Later, in the men's room, I overheard the cameramen grumbling about the quality of the video. The bus was idling by the microphones, ruining the audio. It was raining. You couldn't make out where you were. The backgrounds weren't very nice...
It can be hard to make low-income housing into a sexy story. Where do you get good footage? Where do you find someone angry enough for television? How do you make people care about gentrification that hasn't happened yet? The last thing that's going to make the evening news is a bunch of people standing around in suits talking vaguely about bright futures. But that's what we had here, on this Light Rail bus tour.
Thanks to a reader of this blog, a few weeks ago I was lucky enough to get invited along on a PR tour of the Central Corridor put on by the Central Corridor Funders Collaborative, a group of foundations that is working on land use and equity issues along the LRT line. I showed up around noon on a Thursday, and boarded a fancy motorcoach semi-filled with reporters, foundation professionals, and various hangers on. It took us up and down University Avenue, from Western Avenue (my home street) all the way over the border in Minneapolis to the Downtime Cafe parking lot. At each stop, we all trouped out of the bus and listened to some speechifying by the newly-reelected Mayor, a foundation head or two, and some folks representing neighborhood groups.
[Reporters and foundation types rode a bus that had previously carried the 2007 Northwoods League champions.]
It was an interesting experience for me, not because I learned anything new about University Avenue. (Hint: I didn't.) Rather, it put into focus the incredibly complex politics surrounding transportation planning. This train project is a great example of how big a deal all this stuff is. I used to work at a library at the legislature, and we had a shelf of old plans and impact statements for the University Avenue light rail train that went back into the mid-1980s. You could make a life-long career out of planning this project.
The thing you quickly realize if you're paying attention to the LRT debate is that when it comes to planning politics, the squeaky wheel gets the grease. Every possible business or community interest knows about the coming construction, parking changes, and landscape. The largest players have their lawyer on speed dial. And everyone is trying to scrape for every dollar.
Anytime you build anything, you create winners and losers. Most obviously, all the people involved in the construction are winners, and the businesses and homeowners that are shut down or hampered by the construction are losers. But then you get the different transportation patterns. The light rail will dramatically change how people move around through a large part of Saint Paul and Minneapolis. It'll replace car lanes with train rails, take out parking spots, slow down speeds, increase traffic in some places and reduce it in others.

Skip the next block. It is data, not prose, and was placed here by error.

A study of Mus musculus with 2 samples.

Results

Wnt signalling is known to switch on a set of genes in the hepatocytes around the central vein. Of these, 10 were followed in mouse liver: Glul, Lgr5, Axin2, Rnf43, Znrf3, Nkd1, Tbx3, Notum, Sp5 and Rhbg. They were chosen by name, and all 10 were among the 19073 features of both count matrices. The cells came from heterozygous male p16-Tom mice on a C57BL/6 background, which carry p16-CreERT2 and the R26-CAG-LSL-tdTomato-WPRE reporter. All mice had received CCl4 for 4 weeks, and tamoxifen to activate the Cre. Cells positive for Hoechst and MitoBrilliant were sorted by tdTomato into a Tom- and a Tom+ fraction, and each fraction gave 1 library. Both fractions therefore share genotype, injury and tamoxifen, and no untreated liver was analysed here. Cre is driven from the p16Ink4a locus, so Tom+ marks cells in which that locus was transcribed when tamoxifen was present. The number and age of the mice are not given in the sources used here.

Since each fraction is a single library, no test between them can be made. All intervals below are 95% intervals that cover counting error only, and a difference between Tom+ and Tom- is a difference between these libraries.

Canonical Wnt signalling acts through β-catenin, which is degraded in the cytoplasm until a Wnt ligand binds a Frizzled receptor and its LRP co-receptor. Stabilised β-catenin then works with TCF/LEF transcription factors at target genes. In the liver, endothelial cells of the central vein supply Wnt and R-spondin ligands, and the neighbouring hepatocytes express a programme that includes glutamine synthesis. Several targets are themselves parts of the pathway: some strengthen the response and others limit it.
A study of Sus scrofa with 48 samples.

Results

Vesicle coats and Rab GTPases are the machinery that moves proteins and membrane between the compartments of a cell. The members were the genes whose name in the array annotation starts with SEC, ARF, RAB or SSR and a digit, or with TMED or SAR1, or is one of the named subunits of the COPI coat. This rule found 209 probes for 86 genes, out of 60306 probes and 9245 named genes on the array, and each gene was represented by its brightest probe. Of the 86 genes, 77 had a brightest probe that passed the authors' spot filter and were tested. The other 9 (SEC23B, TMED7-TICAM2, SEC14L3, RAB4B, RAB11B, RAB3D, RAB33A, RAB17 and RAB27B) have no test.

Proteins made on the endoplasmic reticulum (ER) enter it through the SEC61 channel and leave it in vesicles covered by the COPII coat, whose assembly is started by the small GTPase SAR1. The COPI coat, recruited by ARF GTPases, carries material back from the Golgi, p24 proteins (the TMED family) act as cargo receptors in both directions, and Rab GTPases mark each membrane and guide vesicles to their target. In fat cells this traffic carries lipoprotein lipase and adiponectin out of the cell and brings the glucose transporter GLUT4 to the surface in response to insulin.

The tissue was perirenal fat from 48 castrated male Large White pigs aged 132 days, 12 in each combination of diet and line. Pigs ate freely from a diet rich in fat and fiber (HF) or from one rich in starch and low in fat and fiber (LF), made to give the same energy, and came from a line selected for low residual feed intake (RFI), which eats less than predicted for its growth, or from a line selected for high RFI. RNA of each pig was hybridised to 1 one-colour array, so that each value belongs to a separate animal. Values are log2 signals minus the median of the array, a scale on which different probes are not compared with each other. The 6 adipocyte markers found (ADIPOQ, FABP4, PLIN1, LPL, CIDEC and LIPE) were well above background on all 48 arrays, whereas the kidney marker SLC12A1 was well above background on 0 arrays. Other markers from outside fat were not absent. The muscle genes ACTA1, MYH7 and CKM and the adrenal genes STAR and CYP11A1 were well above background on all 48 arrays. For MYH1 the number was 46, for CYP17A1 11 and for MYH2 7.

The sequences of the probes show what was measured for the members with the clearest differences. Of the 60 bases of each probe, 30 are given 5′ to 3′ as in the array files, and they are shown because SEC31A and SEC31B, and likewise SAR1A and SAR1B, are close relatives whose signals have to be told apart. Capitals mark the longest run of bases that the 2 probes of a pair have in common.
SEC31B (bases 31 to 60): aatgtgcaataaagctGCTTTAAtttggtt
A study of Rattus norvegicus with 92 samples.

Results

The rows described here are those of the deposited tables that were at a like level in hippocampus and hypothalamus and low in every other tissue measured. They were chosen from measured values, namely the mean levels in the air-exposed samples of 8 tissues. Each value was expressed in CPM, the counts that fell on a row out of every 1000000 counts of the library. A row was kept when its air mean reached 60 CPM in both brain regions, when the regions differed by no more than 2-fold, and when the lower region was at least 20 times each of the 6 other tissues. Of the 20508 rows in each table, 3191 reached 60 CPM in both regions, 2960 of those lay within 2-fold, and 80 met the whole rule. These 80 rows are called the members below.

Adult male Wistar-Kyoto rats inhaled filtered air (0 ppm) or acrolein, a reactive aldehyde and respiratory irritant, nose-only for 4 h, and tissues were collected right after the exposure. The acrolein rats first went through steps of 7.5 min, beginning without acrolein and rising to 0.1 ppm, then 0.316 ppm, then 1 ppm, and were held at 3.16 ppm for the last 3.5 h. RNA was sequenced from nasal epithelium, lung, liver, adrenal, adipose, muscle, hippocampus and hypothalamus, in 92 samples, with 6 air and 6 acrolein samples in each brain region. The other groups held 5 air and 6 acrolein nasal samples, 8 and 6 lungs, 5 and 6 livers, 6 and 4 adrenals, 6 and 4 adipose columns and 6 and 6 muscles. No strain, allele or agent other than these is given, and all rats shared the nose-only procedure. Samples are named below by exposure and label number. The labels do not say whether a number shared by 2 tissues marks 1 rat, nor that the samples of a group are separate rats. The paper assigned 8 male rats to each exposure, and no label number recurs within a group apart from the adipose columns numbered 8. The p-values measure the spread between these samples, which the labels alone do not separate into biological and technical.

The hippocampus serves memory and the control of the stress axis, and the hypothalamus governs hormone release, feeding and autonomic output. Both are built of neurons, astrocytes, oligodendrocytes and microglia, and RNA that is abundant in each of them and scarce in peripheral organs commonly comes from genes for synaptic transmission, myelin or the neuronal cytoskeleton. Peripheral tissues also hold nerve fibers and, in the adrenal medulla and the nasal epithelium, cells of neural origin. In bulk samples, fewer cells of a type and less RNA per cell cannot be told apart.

In the end, certain land uses will be hurt (auto shops, places that require really easy access) and others will greatly benefit (office buildings, any sort of dense residential use, things that benefit from pedestrian activity). Anyone who owns land along the line will benefit, probably, from increased land values. Anyone renting will receive a mixed bag of higher rents but easier transportation access and more choices in their neighborhood. It's hard to know how it will all play out!
In a funny way, in talking to people, you realize that the short-term concerns are paramount. Business owners don't really care about what the street will look like 4 years from now. They are mostly concerned with what it will look like one year from now, when there are bulldozers in front of their entrance. And, that's why so many people are pissed off and suing each other over this situation.
[Apparently the abandoned yogurt factory on the corner of Western and University epitomizes the promise of Light Rail in Saint Paul.]
In think this press tour was an attempt to show that there are groups coming together to address some of these fractured issues -- gentrification, business mitigation, and promoting walking and biking. But, without an effective coalition of groups interested in making sure that University Avenue is a pleasant place to walk, bike, and take the bus, sidewalks, streetscaping, and crucial infrastructure will likely be lost amid the cacophony of groups angling for a stimulus package.
I fear that pedestrians could get screwed with this project. The problem is that, compared to the amount of people concerned with gentrification and parking, there are far fewer folks out there who are making waves about the importance of wide sidewalks, bike lanes, or public infrastructure. I can only hope that the planners spend money on the right things, and that sidewalks don't get lost amid the political shuffle.
[Bowties are very popular among planners and non-profit professionals. Planning drawings are used only for decorative effect.]